Assistant Professor of Chemistry Max Majireck was a co-author on a collaborative paper published in the Feb. 10 issue of Cell Reports. “Niche-Based Screening in Multiple Myeloma Identifies a Kinesin-5 Inhibitor with Improved Selectivity over Hematopoietic Progenitors” resulted from a project that involved 33 researchers and 16 different institutional affiliations including Harvard, Columbia and the Broad Institute of Harvard and MIT. Majireck was part of the research team during his postdoctoral research at Harvard and the Broad Institute.
The team searched for compounds that would selectivity inhibit the growth of multiple myeloma cells over other healthy, “normal” cell types like hematopoietic cells, precursor blood cells that can differentiate to become all other blood cell types.
One of the major challenges in treating multiple myeloma is that stromal cells that make up part of the connective tissue in bone marrow can confer drug resistance to the multiple myeloma cells, causing many therapies to become ineffective. To address this challenge, the research team, led by Shrikanta Chattopadhyay of Massachusetts General Hospital and the Broad Institute, screened for compounds that would kill myeloma cells in the presence of bone marrow stroma. This “co-culture” of multiple myeloma and bone marrow stroma cells was developed by Chattopadhyay et al. to closely mimic the niche environment that is found in human patients having this malignancy.
Using this screen, the researchers identified a compound called BRD9876 that overcomes stromal resistance in multiple myeloma by targeting the protein Eg5. They found that BRD9876 inhibits Eg5 in a novel way that enables it to have selectivity for multiple myeloma over hematopoietic blood cells.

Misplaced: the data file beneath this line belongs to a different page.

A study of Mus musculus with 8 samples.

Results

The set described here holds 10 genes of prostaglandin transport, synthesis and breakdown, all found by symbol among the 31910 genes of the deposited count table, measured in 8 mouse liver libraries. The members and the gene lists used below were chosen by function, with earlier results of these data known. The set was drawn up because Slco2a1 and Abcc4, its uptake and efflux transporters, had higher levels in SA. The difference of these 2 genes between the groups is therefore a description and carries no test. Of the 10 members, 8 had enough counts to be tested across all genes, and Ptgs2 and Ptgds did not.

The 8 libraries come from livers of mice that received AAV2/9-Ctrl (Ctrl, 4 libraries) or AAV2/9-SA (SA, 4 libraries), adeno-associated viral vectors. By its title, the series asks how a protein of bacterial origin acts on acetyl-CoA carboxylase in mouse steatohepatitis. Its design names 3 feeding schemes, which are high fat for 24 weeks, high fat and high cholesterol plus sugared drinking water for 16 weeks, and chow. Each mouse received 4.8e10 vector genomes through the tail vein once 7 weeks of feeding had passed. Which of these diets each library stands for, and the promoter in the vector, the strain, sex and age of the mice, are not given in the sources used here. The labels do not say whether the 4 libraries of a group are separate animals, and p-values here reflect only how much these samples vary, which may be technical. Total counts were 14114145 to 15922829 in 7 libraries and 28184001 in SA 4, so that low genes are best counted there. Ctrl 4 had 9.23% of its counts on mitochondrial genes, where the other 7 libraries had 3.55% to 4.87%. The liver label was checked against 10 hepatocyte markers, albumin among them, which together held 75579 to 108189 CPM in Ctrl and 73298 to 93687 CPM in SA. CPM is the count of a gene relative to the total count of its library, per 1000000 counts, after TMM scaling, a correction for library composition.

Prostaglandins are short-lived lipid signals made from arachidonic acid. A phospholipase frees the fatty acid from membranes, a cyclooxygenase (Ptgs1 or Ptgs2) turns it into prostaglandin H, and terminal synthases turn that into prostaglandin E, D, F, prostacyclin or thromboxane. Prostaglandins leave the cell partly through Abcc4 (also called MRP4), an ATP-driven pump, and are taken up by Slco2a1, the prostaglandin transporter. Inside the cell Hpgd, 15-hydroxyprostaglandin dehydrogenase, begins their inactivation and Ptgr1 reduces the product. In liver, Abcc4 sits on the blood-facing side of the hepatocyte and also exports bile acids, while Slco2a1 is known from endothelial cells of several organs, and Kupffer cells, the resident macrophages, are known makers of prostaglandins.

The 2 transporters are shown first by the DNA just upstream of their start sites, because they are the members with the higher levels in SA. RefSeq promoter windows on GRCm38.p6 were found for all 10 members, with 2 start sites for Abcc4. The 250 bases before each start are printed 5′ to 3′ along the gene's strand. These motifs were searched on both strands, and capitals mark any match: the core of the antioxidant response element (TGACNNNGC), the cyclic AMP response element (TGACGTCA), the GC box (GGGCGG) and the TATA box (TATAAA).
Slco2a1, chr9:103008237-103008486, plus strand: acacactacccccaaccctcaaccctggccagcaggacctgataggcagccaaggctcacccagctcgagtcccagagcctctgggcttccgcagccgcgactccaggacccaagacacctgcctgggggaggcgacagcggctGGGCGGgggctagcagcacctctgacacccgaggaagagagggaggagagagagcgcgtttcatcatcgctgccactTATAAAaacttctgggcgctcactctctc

Using a process known as medicinal chemistry, Chattopadhyay and a team of chemists led by Majireck collaborated to synthesize analogs of BRD9876 in an attempt to identify the critical molecular features that gave the compound its unique mechanism of action. They found that none of the examined alterations to the molecule were found to improve its selectivity or other drug-like properties.
Thus, while BRD9876 will not become a drug itself, it can be used as a “small-molecule probe” to demonstrate the feasibility of new therapeutic approaches.
Chattopadhyay, the lead author in this study, presented the results of this work and his other research in a fall 2014 Chemistry Department Seminar titled “Niche in a Dish: Using Microenvironment-Based Phenotypic Screening to Discover New Cancer Therapeutics.”
Other prominent authors on the paper include recent Levitt Speaker Siddhartha Mukherjee, author of the Pulitzer Prize-winning The Emperor of all Maladies – A Biography of Cancer, and Majireck’s postdoctoral advisor Stuart Schreiber, the Morris Loeb Professor of Chemistry and Chemical Biology at Harvard University, director of the Center for the Science of Therapeutics at the Broad Institute, and Howard Hughes Medical Institute investigator.